Mumbai: Refusing to share in the euphoria of ally BJP over Prime Minister Narendra Modi's China visit, Shiv Sena on Monday accused the neighbouring country of pursuing a policy of "hugging from the front and stabbing from behind".
"Our experience has shown that China believes in hugging from the front and stabbing from behind. On one hand they gave a grand welcome to Prime Minister Modi during his visit to China, and on the other, wiped off Kashmir and Arunachal Pradesh from India's map," said an editorial in the Sena mouthpiece, 'Saamana'.
Reporting on the Indian Prime Minister's visit, China's state-owned television, CCTV, showed an India map without Jammu and Kashmir and Arunachal Pradesh as part of its territory.
Sena said India needs to realise that this act shows China will not mend its ways as far as the issue of its using India maps excluding Arunachal Pradesh and Kashmir was concerned.
Sena further said that not only does China claim Arunachal Pradesh to be a part of its territory it also supports Pakistan on the issue of Jammu and Kashmir.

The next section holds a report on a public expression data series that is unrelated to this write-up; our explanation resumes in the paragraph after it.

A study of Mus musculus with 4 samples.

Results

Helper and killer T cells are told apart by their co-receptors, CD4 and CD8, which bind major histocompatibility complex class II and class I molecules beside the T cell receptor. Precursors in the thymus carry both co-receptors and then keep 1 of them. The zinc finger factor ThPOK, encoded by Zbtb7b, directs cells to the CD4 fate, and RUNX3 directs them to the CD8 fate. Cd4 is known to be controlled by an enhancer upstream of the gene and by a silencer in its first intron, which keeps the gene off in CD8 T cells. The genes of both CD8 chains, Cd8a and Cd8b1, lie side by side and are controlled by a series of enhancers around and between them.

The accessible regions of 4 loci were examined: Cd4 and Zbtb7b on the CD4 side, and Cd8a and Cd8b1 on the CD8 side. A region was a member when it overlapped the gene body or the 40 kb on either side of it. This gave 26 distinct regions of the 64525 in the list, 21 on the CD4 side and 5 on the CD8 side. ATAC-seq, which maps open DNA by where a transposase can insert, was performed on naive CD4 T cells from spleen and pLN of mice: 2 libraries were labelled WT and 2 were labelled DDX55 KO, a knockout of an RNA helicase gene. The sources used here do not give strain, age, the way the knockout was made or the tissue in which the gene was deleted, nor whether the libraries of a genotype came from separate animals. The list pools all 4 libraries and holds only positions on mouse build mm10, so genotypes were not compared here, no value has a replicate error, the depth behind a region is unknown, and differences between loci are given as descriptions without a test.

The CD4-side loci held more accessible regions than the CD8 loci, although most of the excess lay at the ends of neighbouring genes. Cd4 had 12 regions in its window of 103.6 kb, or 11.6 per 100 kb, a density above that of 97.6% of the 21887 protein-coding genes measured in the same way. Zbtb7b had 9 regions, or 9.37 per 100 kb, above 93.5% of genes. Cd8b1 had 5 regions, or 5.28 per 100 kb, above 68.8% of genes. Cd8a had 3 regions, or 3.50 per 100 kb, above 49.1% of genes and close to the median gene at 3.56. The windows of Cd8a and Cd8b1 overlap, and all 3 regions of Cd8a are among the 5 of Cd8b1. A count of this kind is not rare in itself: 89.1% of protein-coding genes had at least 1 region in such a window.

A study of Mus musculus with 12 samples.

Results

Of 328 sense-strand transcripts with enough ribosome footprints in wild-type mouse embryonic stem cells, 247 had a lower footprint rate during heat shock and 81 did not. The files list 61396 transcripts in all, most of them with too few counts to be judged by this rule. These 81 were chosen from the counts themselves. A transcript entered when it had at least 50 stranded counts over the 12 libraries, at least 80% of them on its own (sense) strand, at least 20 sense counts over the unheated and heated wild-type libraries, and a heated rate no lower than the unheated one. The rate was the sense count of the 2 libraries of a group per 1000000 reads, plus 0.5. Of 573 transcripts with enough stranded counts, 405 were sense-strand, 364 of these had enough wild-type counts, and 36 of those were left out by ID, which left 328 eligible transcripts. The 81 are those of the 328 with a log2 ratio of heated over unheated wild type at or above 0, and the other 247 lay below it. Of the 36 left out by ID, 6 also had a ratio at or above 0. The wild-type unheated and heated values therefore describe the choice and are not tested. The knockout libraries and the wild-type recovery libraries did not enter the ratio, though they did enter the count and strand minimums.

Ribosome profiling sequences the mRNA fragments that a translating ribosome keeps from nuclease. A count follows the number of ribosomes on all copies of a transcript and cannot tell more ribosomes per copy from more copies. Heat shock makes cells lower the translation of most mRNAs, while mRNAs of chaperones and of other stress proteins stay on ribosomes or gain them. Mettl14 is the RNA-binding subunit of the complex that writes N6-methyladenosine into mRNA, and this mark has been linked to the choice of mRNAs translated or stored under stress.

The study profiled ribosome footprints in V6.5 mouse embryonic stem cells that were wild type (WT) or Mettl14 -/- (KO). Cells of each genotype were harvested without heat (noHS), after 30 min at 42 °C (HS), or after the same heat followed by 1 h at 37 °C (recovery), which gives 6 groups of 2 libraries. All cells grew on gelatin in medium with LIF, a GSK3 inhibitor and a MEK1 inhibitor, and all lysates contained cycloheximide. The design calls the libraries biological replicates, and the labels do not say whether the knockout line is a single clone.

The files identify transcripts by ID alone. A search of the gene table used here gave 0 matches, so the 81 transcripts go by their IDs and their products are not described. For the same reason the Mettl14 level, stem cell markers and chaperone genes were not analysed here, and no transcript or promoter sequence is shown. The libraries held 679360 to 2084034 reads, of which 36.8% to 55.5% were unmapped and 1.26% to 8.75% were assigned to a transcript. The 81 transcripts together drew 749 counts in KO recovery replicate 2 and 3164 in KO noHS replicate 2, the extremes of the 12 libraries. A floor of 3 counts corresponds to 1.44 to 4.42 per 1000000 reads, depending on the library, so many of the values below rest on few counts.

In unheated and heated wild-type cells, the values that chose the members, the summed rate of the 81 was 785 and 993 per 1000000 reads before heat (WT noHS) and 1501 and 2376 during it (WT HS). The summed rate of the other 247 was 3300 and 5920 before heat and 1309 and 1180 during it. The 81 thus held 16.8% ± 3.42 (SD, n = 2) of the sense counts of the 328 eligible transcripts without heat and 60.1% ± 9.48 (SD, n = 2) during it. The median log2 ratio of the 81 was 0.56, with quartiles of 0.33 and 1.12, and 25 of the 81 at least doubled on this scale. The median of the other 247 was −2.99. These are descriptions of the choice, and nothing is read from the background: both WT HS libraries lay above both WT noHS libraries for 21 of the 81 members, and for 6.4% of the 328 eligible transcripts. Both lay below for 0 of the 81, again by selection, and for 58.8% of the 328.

"Would the Chinese people have tolerated India excluding Tibet from the Chinese map when their President (Xi Jinping) visited India? We cannot show the same courage against Chinese with regard to Tibet," Sena said.
Holding that Pakistan was supported by China to provoke India, the party said Modi should have made it clear to Xi Jinping that India will stop Pakistan's antics if China fails to do so.
"Pakistan is supported by China. The Chinese provide the country with arms and ammunition, nuclear weapons and money. Except terrorism, Pakistan does not have anything of its own and has to rely on China for everything," it said.
"In 1962, while India was busy with the slogan 'Hindi- Chini Bhai Bhai', the Chinese suddenly attacked us in which we had to face defeat and lose lakhs of hectares of land. Even today, China has its eyes on Siachen," Sena said.
Modi had reached China on May 14 on a three-day visit during which the two countries agreed, among other things, to seek at the earliest a "political" solution to the border dispute.